STATEWIDE — With Sept. 1 marking the start of ginseng harvest season, the Virginia Department of Agriculture and Consumer Services (VDACS) issued a warning regarding overharvesting of the popular plant.
According to the U.S. Fish & Wildlife Service (FWS), American Ginseng (Panax quinquefolius L.) grows in deciduous forests (or those in which the trees shed their leaves during the year) throughout 19 different states. It is noted as having been harvested by various Native American tribes for medicinal purposes. FWS notes that the American ginseng plant and its root have been harvested for international trade since the mid-18th century.
As a result of its popularity, laws have been put into place to protect the plant and its root from overharvesting. VDACS is responsible with enforcing regulations that are related to the harvesting and sale of American Ginseng in the Commonwealth.
Harvesting wild ginseng on most public lands in Virginia is strictly prohibited, including state and national parks and forests. On lands where it is not prohibited, harvesters are required to obtain a permit from the appropriate office or agency before doing so. Violation of Virginia’s harvesting regulations is punishable by imprisonment of up to twelve months, up to a $2,500 fine, or both.
Additionally, harvesting on federal lands is strictly prohibited. Anyone caught doing so could face a fine of up to $5,000, six months in jail, or both.
Those wishing to harvest the American Ginseng plant on private property must obtain written permission from the property’s owner prior to removal.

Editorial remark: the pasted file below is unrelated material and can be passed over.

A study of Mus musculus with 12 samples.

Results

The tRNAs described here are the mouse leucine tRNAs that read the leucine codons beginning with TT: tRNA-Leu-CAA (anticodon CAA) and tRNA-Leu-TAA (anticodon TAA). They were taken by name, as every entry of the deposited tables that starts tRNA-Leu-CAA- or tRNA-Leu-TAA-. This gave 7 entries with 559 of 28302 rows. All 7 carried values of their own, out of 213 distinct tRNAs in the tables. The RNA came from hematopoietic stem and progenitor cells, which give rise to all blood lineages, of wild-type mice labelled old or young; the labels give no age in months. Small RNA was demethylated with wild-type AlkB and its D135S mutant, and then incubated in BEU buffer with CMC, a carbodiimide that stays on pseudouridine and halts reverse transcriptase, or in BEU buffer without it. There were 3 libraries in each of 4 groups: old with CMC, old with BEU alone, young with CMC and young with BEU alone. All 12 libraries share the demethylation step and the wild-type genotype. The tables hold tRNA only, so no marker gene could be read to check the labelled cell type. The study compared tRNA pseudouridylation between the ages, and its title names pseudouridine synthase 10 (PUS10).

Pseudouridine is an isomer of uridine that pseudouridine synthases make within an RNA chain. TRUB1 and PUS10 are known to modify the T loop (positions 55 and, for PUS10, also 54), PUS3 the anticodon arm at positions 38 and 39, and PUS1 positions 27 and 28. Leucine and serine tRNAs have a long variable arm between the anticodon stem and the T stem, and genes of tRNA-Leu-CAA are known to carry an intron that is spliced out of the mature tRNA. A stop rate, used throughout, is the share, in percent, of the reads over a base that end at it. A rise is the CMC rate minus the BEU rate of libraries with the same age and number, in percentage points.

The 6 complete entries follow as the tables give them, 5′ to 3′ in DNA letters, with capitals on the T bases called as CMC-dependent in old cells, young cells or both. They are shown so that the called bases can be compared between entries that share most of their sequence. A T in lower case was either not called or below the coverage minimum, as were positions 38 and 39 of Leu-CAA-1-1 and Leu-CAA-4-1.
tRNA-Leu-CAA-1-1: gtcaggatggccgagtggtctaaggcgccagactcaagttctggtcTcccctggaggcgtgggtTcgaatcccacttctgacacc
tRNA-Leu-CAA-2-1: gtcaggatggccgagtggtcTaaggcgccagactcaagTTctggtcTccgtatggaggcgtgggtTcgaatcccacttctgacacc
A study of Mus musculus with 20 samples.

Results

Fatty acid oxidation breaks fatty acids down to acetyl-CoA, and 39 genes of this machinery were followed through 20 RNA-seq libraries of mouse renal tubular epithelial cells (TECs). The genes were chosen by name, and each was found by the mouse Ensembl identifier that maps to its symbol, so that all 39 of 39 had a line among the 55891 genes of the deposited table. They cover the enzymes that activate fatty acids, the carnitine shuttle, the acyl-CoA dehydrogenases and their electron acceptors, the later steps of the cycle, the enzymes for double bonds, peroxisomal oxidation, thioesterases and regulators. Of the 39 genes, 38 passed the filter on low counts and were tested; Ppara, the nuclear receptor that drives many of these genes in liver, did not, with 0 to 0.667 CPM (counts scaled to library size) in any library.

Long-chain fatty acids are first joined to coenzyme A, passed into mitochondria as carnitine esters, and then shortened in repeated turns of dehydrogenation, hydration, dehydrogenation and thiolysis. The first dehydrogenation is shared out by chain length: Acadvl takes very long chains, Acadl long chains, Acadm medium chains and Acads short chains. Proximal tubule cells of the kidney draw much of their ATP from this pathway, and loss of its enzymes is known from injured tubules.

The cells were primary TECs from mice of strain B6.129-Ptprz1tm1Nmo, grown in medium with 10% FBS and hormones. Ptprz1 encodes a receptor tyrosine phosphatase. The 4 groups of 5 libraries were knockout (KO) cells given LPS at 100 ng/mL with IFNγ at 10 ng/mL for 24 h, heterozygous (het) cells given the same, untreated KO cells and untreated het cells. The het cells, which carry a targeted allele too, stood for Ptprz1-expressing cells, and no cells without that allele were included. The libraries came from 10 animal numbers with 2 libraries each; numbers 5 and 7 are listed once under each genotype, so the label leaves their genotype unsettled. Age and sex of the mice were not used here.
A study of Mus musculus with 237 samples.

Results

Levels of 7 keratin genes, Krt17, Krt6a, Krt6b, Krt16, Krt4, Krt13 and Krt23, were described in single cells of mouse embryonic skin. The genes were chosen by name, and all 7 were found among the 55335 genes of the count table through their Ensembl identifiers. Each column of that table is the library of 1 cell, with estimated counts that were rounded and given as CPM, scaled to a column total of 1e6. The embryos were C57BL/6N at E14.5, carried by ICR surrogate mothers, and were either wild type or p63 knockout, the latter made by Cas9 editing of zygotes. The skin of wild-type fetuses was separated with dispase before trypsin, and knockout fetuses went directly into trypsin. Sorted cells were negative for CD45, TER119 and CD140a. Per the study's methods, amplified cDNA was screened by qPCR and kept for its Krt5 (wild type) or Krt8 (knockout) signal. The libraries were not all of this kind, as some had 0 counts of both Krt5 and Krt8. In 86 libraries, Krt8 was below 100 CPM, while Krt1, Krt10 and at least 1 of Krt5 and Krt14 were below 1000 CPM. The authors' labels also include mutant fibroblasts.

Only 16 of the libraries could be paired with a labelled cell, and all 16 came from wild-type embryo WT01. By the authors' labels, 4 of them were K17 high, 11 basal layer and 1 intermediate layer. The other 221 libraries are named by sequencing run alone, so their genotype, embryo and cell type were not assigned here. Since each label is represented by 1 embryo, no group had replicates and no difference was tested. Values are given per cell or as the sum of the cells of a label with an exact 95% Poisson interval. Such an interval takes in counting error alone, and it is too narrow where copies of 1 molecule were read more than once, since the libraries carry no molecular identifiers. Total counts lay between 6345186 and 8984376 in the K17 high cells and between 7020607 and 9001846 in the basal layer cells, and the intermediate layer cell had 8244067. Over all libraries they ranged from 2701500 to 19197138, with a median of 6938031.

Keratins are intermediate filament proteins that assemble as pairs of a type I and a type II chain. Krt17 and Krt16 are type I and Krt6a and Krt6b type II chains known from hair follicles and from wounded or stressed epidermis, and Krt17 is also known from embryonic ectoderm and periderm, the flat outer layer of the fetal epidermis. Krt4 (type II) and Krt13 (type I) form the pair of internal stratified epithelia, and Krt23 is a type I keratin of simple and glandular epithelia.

Harvesting season for the plant lasts Sept. 1 through Dec. 31 each year. Between Jan. 1 and Aug. 31, the harvesting of wild ginseng is strictly prohibited throughout Virginia. Wild ginseng plants that are younger than five years, have fewer than four stem scars present on its root neck (rhizome) or fewer than three prongs cannot harvested.
According to VDACS, a person who harvests wild ginseng must plant seeds harvested from the plant at the site when the harvest occurs.
It is important to note that those who harvest off of their private property are not subject to these regulations. However, they are encouraged to follow the same size, age and seed planting guidelines.
In Virginia, individuals who ship or transport eight ounces or greater of wild ginseng throughout a calendar year must seek ginseng certification from VDACS. Those who buy or accept it must obtain the necessary license to do so.
For more information, visit the website for VDACS.